BONNER SPRINGS, KS (KCTV) — Heather Cunningham thought she was adding to her home’s security when she bought her brand new brass Brinks door lock.

Out of curiosity, she tried her old key on her new door and was able to lock it. The key didn’t unlock the door but it still had Cunningham concerned and she called KCTV5.

“Every lock should be different,” says Cunningham. “Every key should be different I think.”

The lock Cunningham bought says it’s resistant to lock picking, hammering, drilling and prying. But, since it’s massed produced and keyed alike, her lock matches multiple locks sold at the same store. They’re made that way to give the customer the options to buy more than one lock that match the same key.

KCTV5 went to a large department store and was able to buy six Kwikset locks, five with the same serial number on the back, which means the locks and keys are the same. If you only purchased one of these, four other people would have a key to your front door. We bought an additional five locks from the brand, Gatehouse, and found several had the same serial number.

Your house key could open hundreds of other locks across the country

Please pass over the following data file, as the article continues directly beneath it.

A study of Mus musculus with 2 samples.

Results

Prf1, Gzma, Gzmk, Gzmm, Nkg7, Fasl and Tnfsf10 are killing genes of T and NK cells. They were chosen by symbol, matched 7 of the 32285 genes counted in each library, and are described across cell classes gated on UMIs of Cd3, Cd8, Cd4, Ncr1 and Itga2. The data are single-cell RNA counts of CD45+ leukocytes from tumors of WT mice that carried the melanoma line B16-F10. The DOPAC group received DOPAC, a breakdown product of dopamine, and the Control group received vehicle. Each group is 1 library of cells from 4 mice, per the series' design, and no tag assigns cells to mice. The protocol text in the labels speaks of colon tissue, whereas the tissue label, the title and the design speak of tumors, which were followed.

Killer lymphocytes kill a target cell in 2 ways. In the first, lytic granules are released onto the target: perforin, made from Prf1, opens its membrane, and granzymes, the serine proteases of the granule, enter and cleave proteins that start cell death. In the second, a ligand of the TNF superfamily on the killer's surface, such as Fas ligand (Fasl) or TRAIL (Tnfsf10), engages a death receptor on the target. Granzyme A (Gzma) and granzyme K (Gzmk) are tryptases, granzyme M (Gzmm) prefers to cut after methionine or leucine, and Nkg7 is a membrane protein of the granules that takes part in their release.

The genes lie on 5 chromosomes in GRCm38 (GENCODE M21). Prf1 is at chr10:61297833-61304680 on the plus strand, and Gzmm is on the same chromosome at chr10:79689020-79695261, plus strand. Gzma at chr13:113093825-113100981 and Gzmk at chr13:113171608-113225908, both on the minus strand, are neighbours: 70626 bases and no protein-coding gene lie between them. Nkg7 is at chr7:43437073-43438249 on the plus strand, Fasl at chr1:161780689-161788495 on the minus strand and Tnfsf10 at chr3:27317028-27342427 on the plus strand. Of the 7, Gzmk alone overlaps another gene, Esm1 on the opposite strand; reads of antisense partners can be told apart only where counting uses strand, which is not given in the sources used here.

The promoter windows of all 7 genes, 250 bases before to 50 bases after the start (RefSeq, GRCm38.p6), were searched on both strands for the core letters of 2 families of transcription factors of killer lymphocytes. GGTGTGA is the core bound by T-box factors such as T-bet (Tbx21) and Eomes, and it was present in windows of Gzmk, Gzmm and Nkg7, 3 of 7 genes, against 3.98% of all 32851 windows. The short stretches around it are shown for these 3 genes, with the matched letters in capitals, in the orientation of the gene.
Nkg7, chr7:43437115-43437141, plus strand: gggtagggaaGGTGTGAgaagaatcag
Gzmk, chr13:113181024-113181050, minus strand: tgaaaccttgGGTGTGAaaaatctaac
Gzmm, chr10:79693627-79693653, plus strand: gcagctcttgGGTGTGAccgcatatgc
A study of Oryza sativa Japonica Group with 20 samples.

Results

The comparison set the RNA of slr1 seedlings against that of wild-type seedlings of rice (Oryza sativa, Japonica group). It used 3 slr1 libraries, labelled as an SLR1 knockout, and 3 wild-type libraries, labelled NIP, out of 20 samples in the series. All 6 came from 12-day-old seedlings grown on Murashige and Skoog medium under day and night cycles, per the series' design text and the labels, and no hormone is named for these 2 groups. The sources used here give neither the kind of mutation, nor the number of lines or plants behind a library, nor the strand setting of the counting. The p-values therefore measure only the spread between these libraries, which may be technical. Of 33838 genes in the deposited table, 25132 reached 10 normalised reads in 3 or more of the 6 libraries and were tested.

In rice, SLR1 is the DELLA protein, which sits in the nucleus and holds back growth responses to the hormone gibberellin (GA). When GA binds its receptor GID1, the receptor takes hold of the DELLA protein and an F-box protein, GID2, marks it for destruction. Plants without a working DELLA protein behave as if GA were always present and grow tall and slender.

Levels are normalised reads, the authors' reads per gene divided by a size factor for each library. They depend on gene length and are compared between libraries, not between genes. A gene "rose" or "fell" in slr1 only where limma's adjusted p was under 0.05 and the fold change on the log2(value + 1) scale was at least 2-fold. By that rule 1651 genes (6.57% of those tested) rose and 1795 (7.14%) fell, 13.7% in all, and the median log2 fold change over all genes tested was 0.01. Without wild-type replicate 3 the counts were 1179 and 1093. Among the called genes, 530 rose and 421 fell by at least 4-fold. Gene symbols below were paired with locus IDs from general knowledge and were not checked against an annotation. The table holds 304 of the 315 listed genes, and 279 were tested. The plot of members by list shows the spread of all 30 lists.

KCTV5 checked with multiple hardware stores and found locks are often sold in batches.

At McGuire Lock and Safe in the Northland, their experts say there is a quick and inexpensive fix to this problem. You can take your lock and key to a locksmith and have them rekey it, making it unique.

It’s something lock manufacturers, like Kwikset, recommend.

They sent KCTV5 a statement.

“Kwikset locks come in a wide range of combinations and key cuts to ensure homeowners purchasing their locks at a home improvement or hardware store receive a random key cut that cannot be identified by other homeowners,” wrote Marty Hoffmann, Kwikset Vice President of Marketing. “The majority of Kwikset keyed-entry products sold in such stores include our patented SmartKey re-key security. This security feature puts greater power in the homeowners’ hands to protect their homes and families by allowing them the ability to re-key their lock to a new key cut in seconds themselves.”

“It’s not a big deal,” says Joe McGuire of McGuire Lock and Safe. “We do it all day long both in the field and here at the shop. Customers bring locks in here all the time.”

The maker of Cunningham’s lock, Brinks Home Security, has a special section on its website that shows customers how to re-key a lock on their own.